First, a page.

Sharing my thoughts, then, on the situation with the current Queensland-based NRL sides should probably be done with trepidation. 

In fact, it’s being an outsider that is a strength of mine – and of any of my peers – working with these teams: we don’t know all the details, don’t have agendas; we do care about helping our clients, but don’t have to show up in their workplace each day to work in the team we’re helping. 

It’s clear the fans and stakeholders of the under-performing teams are frustrated; that’s an understatement. Calls for the coach to be sacked are the easy way out, in my view. Calls for the game plan, recruitment, training regimes to be reviewed, while important, won’t address the issues either. Champion ex-players chiming in with their opinions just aren’t helpful. 

When the teams review the weekend’s performance, as they would be each week, I would be exploring the following questions with them: How does this team describe itself? What behaviours are tolerated that team members know are counter-productive? What is each team member willing to do about that? Listen to those around you: Do you hear the language of blame/excuses, or that of taking responsibility? Who are the real leaders in your team? What really gets noticed? Why? Is feedback given in this team? Is it honest? Is it delivered face-to-face? How do recipients respond to it?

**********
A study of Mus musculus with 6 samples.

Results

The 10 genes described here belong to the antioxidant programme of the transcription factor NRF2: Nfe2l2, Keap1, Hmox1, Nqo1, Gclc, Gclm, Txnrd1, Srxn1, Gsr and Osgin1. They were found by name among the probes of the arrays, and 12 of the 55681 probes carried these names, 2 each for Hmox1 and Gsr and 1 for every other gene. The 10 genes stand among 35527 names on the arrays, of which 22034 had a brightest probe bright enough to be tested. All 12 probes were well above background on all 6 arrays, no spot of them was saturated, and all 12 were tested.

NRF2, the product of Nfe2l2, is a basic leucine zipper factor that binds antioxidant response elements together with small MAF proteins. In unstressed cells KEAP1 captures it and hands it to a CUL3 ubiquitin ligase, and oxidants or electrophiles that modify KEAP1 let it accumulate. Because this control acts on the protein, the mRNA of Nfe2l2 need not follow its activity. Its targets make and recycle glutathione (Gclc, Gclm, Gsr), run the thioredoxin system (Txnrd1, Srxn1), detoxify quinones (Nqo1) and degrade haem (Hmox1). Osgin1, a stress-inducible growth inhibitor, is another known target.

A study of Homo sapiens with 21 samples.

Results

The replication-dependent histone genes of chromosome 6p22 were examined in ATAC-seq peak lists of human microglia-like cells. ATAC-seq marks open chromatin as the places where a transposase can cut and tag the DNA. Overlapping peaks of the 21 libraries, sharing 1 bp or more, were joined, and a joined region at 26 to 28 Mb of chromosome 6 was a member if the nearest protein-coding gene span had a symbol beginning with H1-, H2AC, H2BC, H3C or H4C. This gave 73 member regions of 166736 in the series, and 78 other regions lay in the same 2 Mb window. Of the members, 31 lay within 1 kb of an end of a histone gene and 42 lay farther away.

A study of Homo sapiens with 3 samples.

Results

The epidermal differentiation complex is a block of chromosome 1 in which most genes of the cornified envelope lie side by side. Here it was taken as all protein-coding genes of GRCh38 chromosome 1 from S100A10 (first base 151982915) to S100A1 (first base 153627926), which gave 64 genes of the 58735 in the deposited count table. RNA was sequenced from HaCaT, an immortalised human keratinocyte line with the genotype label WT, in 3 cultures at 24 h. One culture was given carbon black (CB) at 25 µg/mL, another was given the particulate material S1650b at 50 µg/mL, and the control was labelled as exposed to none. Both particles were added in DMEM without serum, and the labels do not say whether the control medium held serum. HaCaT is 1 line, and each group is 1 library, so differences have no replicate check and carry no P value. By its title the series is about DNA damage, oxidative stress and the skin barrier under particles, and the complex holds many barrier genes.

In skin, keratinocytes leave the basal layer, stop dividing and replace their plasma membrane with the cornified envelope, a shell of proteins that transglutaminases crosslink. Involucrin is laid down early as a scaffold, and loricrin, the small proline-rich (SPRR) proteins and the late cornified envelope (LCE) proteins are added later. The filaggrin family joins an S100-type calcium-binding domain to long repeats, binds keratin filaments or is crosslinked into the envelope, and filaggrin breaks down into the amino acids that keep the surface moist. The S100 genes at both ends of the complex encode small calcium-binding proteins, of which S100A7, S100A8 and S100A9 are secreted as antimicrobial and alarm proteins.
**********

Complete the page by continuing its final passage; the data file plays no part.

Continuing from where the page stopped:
The current group need to take responsibility for their performance. Those who are offering to help, while I assume have good intentions, also have an agenda: they’ve been a part of the history of the club; they’re desperate to see more points on the board and a move up the ladder, because that’s what they’re used to. A team’s culture must be more about who is leading/coaching it now. And a leader should leave a place in a better position than when they took the helm. 

Until any team is willing to dig deep within themselves, take responsibility for their roles and address the real causes of the poor culture, the cycle will continue.  

One of my clients plays in the NRL Intrust Super competition and when I first met with the coach and CEO nearly two years ago, they told me their team had no leaders. They were concerned about the overall impact of that fact on their performance. After six months’ working with the coach, that changed quickly. A coach willing to change their style, seek and listen openly to feedback, and empower when they desperately want to direct allows the space for players to find their voice and demand more accountability. The most important conversation with the team, though, and where we really started to see a shift, was in answering the questions above and prompting the appetite of coaches and the (real) leaders identified in the team to keep each other accountable to the standards they expect. Our work with the Parramatta Eels over the last 2 years follows the same model, approach and not surprisingly, the same results. 

Any ordinary team can find themselves in this position; thankfully, their crisis doesn’t always get played out in the media and seen as plain as day each weekend, with pages and pages of coverage in the paper. These questions are relevant to all teams; even mediocre teams in the corporate space that have learnt to work around such issues quite effectively, so don’t let yourself off the hook. 

Quality leaders are essential to improving employee engagement
Here, take my annual leave

martine.harkin@leadingteams.net.au'

Martine joined Leading Teams in 2008 after an 11 year teaching career. Martine is a Facilitator/Partner based in Melbourne.